Leadership and Diversity
August 19, 2019
As someone who has been involved in working with teams for many years, I have a bias towards face to face education. I think you have far greater impact when you are learning with others in groups, because it’s not just the content, but there is a whole degree of learning that comes from interacting with others. It’s social learning.
However, we know that so much learning has gone virtual simply because of the time taken in face to face, the cost involved, etcetera. The whole focus now seems to be very much on virtual learning. Some of you may be familiar with the learning philosophy of 70/20/10, which is 70% of the learning is based on the job, 20% is based on learning from discussion with colleagues, line managers, and 10% through formal education.
I had a realisation about this recently. I was working with a team of senior people in an organisation, and they had all been doing lots of virtual education, lots of training virtually. They were brought together for one day for a face to face event, because we were running a program on leadership.
What really struck me was … firstly the level of interaction in the group, and the depth at which the topics were covered, and of course the relationships that were then made during the day. Some of these people have actually been working on the same floor for a couple of years, yet had never had the opportunity to discuss some of the topics that we were covering in the workshop.
I framed from the start that the opportunity to come together to spend a day exploring some of the leadership topics in a face to face environment, was really valuable, and that they should make the most of it. It was proven again by the interaction in that group.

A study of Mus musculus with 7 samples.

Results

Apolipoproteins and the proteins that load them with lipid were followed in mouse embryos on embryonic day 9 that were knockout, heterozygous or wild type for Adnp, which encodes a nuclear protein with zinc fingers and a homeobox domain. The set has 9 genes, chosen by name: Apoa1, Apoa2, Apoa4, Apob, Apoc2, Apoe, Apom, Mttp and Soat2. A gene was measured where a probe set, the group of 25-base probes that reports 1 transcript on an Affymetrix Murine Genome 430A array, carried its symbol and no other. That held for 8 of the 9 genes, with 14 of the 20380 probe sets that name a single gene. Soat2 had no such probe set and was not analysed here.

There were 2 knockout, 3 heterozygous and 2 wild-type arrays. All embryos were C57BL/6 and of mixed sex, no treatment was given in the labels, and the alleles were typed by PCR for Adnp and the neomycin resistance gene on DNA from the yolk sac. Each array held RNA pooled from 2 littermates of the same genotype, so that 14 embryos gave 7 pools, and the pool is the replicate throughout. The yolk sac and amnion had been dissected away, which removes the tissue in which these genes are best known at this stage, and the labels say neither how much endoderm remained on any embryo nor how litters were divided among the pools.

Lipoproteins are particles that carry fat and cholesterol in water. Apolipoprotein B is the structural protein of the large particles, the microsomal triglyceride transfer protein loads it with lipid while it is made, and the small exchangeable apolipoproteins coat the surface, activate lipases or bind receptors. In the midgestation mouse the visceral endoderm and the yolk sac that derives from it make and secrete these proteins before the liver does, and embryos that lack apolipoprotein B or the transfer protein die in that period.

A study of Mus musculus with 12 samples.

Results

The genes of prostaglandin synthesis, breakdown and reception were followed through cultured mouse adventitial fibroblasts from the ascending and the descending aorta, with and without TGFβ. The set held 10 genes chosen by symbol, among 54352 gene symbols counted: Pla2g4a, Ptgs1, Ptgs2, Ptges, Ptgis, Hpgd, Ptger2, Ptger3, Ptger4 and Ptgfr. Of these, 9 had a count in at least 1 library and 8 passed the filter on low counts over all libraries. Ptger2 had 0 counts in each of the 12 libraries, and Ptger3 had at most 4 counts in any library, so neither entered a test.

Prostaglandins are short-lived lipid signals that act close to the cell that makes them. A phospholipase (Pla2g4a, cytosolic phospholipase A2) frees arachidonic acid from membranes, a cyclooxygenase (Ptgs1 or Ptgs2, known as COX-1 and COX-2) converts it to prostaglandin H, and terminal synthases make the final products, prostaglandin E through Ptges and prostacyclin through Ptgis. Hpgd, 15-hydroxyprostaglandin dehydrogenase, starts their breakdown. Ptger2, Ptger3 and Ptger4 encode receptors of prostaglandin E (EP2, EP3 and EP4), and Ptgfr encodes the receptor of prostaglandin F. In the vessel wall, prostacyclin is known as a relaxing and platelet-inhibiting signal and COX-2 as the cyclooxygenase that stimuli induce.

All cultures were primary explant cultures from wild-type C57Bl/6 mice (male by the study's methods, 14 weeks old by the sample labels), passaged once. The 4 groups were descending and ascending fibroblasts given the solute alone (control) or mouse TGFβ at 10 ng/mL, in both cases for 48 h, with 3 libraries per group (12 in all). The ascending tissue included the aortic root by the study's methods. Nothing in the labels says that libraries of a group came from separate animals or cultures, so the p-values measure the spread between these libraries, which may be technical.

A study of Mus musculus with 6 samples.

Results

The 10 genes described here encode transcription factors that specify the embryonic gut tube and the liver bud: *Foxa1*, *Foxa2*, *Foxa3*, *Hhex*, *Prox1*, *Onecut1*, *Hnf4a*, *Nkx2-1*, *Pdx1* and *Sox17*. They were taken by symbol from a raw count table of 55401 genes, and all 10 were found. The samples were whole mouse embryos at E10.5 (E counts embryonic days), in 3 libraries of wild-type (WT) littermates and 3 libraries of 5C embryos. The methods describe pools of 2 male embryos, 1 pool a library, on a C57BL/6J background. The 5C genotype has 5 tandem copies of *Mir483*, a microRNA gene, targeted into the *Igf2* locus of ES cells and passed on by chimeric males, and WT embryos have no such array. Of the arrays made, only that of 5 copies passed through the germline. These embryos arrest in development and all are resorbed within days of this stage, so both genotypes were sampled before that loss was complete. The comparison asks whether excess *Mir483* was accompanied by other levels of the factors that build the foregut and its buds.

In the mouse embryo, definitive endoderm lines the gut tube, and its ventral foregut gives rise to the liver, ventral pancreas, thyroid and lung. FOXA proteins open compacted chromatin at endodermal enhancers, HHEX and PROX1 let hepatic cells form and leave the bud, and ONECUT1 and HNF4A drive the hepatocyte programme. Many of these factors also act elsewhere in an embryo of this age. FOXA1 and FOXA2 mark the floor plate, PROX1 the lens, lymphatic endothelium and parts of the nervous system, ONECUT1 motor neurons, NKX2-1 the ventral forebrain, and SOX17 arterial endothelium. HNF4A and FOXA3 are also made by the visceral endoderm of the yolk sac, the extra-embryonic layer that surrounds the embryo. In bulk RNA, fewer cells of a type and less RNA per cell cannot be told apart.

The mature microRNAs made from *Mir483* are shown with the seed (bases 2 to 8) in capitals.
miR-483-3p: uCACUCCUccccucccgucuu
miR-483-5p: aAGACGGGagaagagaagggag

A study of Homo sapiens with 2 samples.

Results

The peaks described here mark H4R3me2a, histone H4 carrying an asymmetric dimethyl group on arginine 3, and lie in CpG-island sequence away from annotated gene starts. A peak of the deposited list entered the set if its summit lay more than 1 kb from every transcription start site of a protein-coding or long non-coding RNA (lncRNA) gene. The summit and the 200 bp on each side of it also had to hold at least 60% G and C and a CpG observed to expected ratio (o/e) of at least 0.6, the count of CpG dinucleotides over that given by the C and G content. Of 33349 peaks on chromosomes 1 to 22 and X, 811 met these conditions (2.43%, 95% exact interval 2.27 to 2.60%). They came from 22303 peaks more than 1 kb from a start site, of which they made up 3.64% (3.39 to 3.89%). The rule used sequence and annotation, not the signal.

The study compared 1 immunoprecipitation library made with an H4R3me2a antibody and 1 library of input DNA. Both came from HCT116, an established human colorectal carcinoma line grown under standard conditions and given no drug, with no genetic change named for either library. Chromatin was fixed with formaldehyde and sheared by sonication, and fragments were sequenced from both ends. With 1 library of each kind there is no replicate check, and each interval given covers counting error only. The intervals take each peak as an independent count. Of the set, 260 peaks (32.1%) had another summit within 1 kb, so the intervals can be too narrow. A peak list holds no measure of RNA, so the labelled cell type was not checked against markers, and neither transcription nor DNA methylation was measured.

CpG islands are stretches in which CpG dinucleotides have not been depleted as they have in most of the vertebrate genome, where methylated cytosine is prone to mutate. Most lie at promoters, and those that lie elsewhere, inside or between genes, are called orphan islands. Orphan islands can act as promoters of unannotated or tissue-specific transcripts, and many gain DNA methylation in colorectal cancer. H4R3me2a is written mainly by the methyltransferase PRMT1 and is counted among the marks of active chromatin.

There’s a lot of value in getting people together. As a global leader, part of what we do is we educate our teams. I appreciate that it’s cheaper, faster, quicker to do things in a virtual manner. Of course, there are certain topics which lend themselves to being done virtually. For example, compliance topics that just require you to give a level of content. However, for topics that require what I call a level of depth, of perhaps the softer skills, it may be worth thinking about how we do that face to face. The investment may be higher initially. However, I think the returns that you’re going to get from it are going to be far higher.
Something that occurs when you conduct face to face training compared to virtual is you enable people to connect. You enable people to build relationships. You enable people to network. As we all know, if you have greater relationships in the organisation, if you have a greater network, things get done a lot easier.
Here’s my reflection point for you. As a global leader, what’s the education process or processes you are using with your team? What percentage of it is being done virtually, and what percentage of it is being done face to face? With the face to face interactions, is it possible for you to actually make it more powerful so that it achieves far greater outcomes than purely the curriculum outcomes that you state at the start?